MANILA – A new Bangsamoro law will be drafted under the administration of President Rodrigo Duterte, as the new government aims to come up with a ''more inclusive'' measure than the Bangsamoro Basic Law (BBL), which failed to pass the 16th Congress.
The Office of the Presidential Adviser on the Peace Process said a peace road map now entails the creation of an ''all-Moro body'' which will be tasked to draft the proposed bill.
"There will be inclusivity under the Duterte road map for peace where all the Bangsamoro factions, groups will have to come under one roof so that there will be inclusivity in the implementation of the agreements," presidential peace adviser Jesus Dureza said.
Dureza noted that the Bangsamoro peace process is now in its implementation stage ''as the time for negotiations are over."
Duterte's predecessor, President Benigno Aquino III, failed to pass BBL, a proposed law granting wider autonomy to the country’s Muslim minority, before he stepped down last June 30.
Public outrage over the death of 44 police commandos in a botched anti-terror raid in the remote farming village of Mamasapano in January 2015 derailed the passage of the the BBL.
During Aquino's time, the BBL was also challenged by several groups, which noted that only the Moro Islamic Liberation Front (MILF) was accommodated in the negotiations that spawned the Comprehensive Agreement on the Bangsamoro (CAB).
The Moro National Liberation (MNLF) had lamented that it was left out of the talks and the previous agreements it entered into with the Philippines were practically abrogated.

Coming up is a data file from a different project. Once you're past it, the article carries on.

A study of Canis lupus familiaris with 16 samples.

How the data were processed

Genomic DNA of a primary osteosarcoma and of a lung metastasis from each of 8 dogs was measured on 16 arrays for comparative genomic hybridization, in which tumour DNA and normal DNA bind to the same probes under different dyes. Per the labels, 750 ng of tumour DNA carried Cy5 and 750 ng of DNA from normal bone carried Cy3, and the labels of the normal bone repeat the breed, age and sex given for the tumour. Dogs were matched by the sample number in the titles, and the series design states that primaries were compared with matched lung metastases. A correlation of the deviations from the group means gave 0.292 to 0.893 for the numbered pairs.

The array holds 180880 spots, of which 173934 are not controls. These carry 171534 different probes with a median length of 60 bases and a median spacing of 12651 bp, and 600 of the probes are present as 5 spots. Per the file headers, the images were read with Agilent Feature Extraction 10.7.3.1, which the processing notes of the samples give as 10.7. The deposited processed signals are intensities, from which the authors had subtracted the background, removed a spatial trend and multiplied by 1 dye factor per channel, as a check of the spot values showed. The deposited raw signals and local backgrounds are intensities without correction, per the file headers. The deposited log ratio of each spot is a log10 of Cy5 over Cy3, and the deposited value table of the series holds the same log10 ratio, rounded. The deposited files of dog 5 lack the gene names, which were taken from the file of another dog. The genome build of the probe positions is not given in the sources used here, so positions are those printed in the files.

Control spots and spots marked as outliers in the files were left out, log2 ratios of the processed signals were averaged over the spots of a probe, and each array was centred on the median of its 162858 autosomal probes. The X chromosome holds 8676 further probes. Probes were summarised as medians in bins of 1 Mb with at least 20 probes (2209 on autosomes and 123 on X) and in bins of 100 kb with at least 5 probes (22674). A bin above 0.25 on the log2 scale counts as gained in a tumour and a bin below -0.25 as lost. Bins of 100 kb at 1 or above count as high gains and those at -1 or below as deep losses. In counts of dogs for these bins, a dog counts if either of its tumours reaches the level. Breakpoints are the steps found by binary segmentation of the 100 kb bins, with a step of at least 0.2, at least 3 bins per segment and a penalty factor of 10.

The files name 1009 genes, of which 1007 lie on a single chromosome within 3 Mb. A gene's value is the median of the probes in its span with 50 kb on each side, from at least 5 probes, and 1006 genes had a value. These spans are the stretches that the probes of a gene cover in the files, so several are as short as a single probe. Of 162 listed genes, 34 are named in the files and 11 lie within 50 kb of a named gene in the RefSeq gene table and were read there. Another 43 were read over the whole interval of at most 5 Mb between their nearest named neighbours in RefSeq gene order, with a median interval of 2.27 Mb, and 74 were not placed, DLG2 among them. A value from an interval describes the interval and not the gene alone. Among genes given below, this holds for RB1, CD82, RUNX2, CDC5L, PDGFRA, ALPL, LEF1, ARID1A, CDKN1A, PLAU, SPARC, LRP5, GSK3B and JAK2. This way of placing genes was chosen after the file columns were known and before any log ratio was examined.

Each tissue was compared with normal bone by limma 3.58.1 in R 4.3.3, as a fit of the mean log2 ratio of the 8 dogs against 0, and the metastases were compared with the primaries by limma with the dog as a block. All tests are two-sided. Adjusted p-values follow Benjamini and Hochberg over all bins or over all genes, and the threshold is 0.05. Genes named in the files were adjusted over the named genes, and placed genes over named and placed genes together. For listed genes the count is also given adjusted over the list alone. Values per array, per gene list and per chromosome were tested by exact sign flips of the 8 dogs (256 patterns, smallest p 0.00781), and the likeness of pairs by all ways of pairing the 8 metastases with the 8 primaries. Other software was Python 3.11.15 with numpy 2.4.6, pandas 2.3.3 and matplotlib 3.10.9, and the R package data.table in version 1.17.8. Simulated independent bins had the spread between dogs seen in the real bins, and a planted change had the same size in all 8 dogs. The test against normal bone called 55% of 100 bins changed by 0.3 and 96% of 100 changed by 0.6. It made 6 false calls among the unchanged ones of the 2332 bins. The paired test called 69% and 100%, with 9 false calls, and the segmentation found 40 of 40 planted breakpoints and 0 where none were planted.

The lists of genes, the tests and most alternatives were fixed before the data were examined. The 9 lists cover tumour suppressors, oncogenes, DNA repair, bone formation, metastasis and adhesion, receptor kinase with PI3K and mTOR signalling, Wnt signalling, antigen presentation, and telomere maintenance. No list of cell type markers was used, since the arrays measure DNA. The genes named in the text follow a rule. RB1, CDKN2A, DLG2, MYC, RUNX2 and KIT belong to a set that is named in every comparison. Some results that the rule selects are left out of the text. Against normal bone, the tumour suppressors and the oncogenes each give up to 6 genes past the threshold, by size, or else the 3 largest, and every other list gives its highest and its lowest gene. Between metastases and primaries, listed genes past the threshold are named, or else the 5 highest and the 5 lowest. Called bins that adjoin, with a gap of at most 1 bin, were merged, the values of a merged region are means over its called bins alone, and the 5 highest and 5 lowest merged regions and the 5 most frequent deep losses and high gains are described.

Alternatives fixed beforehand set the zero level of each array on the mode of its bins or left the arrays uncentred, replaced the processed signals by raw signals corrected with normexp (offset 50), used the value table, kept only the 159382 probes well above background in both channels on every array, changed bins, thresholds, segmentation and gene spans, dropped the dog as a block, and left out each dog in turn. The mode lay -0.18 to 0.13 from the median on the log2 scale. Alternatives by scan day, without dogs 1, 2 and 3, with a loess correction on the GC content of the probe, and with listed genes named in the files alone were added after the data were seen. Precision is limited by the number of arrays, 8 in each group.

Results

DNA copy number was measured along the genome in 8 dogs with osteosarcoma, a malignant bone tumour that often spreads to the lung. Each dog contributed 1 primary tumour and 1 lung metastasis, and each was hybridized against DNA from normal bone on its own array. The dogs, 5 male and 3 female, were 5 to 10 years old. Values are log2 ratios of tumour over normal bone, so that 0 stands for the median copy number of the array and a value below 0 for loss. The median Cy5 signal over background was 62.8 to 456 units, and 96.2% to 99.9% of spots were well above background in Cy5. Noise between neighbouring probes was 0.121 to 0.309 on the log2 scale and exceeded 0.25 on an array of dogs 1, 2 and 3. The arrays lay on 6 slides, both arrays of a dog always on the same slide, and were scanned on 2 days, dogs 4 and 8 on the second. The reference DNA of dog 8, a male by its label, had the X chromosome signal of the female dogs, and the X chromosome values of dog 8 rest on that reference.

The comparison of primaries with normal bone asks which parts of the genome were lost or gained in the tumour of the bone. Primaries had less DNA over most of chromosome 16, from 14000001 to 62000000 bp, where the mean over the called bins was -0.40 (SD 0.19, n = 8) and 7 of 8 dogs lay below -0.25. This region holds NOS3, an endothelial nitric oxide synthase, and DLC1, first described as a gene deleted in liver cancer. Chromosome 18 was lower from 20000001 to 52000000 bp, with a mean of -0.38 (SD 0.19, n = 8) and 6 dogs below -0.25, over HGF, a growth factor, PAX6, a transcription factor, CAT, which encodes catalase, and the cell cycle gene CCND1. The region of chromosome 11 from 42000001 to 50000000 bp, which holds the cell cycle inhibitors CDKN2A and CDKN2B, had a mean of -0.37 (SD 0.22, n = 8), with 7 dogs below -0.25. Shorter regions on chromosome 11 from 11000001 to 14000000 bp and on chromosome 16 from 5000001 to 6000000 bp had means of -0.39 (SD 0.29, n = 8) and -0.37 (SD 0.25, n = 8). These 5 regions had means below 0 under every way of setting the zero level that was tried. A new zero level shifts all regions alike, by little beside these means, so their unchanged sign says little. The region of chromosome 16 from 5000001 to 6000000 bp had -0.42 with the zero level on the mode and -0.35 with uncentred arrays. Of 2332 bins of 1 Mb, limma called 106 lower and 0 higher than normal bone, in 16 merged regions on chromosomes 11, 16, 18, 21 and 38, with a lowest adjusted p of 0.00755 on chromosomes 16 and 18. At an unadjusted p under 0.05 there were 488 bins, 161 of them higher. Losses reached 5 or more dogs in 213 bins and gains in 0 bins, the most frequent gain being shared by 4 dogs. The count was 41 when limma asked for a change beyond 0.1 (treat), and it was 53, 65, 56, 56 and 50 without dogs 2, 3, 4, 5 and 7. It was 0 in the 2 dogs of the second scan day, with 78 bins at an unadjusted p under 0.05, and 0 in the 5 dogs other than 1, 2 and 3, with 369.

One faction of the MILF, led by its founding member Nur Misuari, launched a siege in Zamboanga in 2013 in response to the MILF deal.
The OPAPP aims to address this issue by consolidating and converging the various peace agreements already entered into like the MILF's CAB, and the Moro National Liberation Front's 1996 Final Peace Agreement (FPA), including relevant provisions of the Republic Act No. 9054 (or the Autonomous Region of Muslim Mindanao Law) and the Indigenous People's Rights Act (IPRA).
Under the CAB, the Bangsmoro Transition Commission was supposed to craft the proposed Bangsamoro law. The OPAPP said this body will be reconstituted, with representation coming from the MILF, MNLF, the Autonomous Region in Muslim Mindanao, and other Bangsamoro representatives.
The OPAPP said the move towards the creation of a new Bangsamoro and its eventual implementation would not affect the Duterte government's goal of setting up a federal form of government.
''The reconstituted and inclusive BTC will also be mandated to propose amendments to the Philippine Constitution that are pertinent to the Bangsamoro as inputs towards eventual federalism in the land."
Dureza said that Duterte has already approved the government's peace road map, which tackles not only the Bangsamoro struggle, but the impending resumption of peace negotiations with the Communist Party of the Philippines/New People’s Army/National Democratic Front (CPP/NPA/NDF), and the implementation of closure agreements with other rebel groups in the country.